Tenants of leasehold properties are subject to a number of additional charges on top of standard payments like rent, utility bills, and council tax. You’ll also be liable for some additional charges too.
Let’s take a look at these charges and your rights as a leaseholder, with support from our team of residential property solicitors.
What are ground rent and service charges?
Ground rent and service charges are two payments that leaseholders may be eligible for. These will be paid either to the freeholder directly (your landlord) or to their property management company.
They cover two separate charges, and they should both be highlighted within a tenancy agreement. Carry on reading for more information.
Ground rent is a fee that leaseholders might be asked to pay in order to occupy a particular plot of land. This ground rent is collected separately from the service charge and usually is relatively small, less than £200 a year.
A freeholder needs to formally ask the leaseholder to pay ground rent. They must do so in writing and include the following information; otherwise, the request could be unenforceable.
- Name of the leaseholder
- Name and address of the freeholder
- Name and address of the managing agent (if payment needs to be made to them)
- The period of time that ground rent covers
- How much has to be paid
- The date payment must be made by
The cost of ground rent can vary, and it is typically collected on an annual or six-monthly basis. Freeholders can ask for six years’ worth of backdated payments.
You can be taken to court if you don’t pay ground rent; however a freeholder can only do this if you owe more than £350 and have been in arrears for more than three years. Bear in mind that if your annual ground rent is more than £250 (£1,000 in Greater London), this rule does not apply.
A service charge covers the maintenance costs of your building and the communal spaces within it. It covers:
- Cleaning of the communal areas
- Maintenance of any lifts and doors
- Drainage and water supply
- Grounds maintenance
- Building insurance
- Management charges
- Reserve fund (this is when money is requested to build up a fund for future works)
Service charges can vary year-on-year depending on what repairs and maintenance need to be carried out. For example, if a freeholder (also known as a landlord) redecorates the interior of the building every five years, this will be reflected in that year’s charges.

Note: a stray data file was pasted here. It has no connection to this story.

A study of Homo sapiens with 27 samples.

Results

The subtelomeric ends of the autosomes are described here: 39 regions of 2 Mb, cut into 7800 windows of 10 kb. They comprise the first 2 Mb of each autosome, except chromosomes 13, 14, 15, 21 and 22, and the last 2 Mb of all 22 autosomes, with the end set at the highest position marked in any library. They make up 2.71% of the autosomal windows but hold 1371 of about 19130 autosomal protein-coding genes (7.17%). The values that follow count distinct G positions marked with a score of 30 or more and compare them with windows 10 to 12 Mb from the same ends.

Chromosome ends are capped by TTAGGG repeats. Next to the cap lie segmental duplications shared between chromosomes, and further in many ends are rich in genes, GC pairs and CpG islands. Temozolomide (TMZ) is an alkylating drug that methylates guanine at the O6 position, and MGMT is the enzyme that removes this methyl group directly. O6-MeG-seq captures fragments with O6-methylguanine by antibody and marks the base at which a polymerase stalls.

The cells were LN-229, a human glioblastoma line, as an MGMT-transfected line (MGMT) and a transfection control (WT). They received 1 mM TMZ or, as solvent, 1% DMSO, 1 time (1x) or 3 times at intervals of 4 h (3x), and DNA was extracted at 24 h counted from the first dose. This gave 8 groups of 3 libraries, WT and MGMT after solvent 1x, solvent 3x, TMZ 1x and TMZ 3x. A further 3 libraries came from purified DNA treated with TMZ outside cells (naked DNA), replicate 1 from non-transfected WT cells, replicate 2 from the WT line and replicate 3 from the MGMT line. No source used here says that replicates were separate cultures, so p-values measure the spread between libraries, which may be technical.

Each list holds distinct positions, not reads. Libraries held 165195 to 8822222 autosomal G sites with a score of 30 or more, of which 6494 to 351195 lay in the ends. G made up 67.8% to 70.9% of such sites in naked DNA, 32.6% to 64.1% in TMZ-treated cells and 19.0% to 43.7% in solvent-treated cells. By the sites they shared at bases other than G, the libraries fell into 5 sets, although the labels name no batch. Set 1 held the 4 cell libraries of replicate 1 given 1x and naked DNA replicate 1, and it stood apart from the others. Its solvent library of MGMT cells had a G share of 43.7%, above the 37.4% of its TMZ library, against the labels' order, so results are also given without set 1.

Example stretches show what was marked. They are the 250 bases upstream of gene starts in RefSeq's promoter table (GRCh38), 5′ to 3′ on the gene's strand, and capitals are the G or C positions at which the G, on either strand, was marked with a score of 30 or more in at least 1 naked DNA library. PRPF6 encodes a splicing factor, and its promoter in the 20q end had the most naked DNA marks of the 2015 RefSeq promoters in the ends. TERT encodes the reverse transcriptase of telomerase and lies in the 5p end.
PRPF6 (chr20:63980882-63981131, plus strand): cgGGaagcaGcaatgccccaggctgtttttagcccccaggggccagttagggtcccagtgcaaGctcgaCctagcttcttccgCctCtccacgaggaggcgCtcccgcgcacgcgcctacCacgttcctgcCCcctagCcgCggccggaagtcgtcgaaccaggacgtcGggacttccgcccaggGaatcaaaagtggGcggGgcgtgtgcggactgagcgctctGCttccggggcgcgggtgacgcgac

Service charges are usually paid on an annual basis.
If a freeholder has spent more on service charges than initially estimated, they have the right to recover the shortfall from the leaseholder through a ‘balancing charge’. Conversely, if the leaseholders overpay, the credit should be taken off the subsequent service charge request.
You have the right to ask for a breakdown of service charges, which the freeholder must send to you within 30 days. You also have the right to challenge a leaseholder and take it to a tribunal if you think a charge is unreasonable or the standard of work is poor.
If a freeholder plans to carry out works that will cost each leaseholder more than £250 (or £100 a year), they must take it to consultation. Leaseholders can have their say on the costs and make suggestions, for example, if they know a tradesperson who can carry out the work more affordably.
Who pays service charge landlord or tenant?
Who pays the service charge is up to the landlord’s discretion. However, if your landlord wants you to pay the service charge, then this must be included in the tenancy agreement.
This may be presented as a separate fee specifically for the service charge payment, or it may be that your rent is higher to cover the cost of the service charge.
Average ground rent and service charge in UK
Depending on where you are located in the UK, ground rent and service charges may total more than £2000 in a year. Outside of London, though, these payments are typically much less and could be under £1000.
Service charges are generally much higher than ground rent. Yet, as mentioned, these payments can be challenged if you believe you are not receiving an adequate service.
An administration charge refers to any money that the freeholder demands from the leaseholder for providing specific information or carrying out additional paperwork. This is in line with The Administration Charges (Summary of Rights and Obligations) (England) Regulations 2007.
These charges aren’t included in your service charge, just as all leaseholders won’t necessarily need these services.
Freeholders can charge you for:
- Granting approvals under your lease (for example, extending your lease or allowing you to keep pets)
- Providing information or documents you request (for example, providing your solicitor with documents needed to sell your property)
- Breaching your lease agreement
- Failing to make a service charge or ground rent payment
This charge must be reasonable, and the freeholder must provide a summary of rights and obligations with the demand for payment. If not, the leaseholder has the right to withhold payment.
The leaseholder also has the right to go to a tribunal to determine whether an administration charge is payable.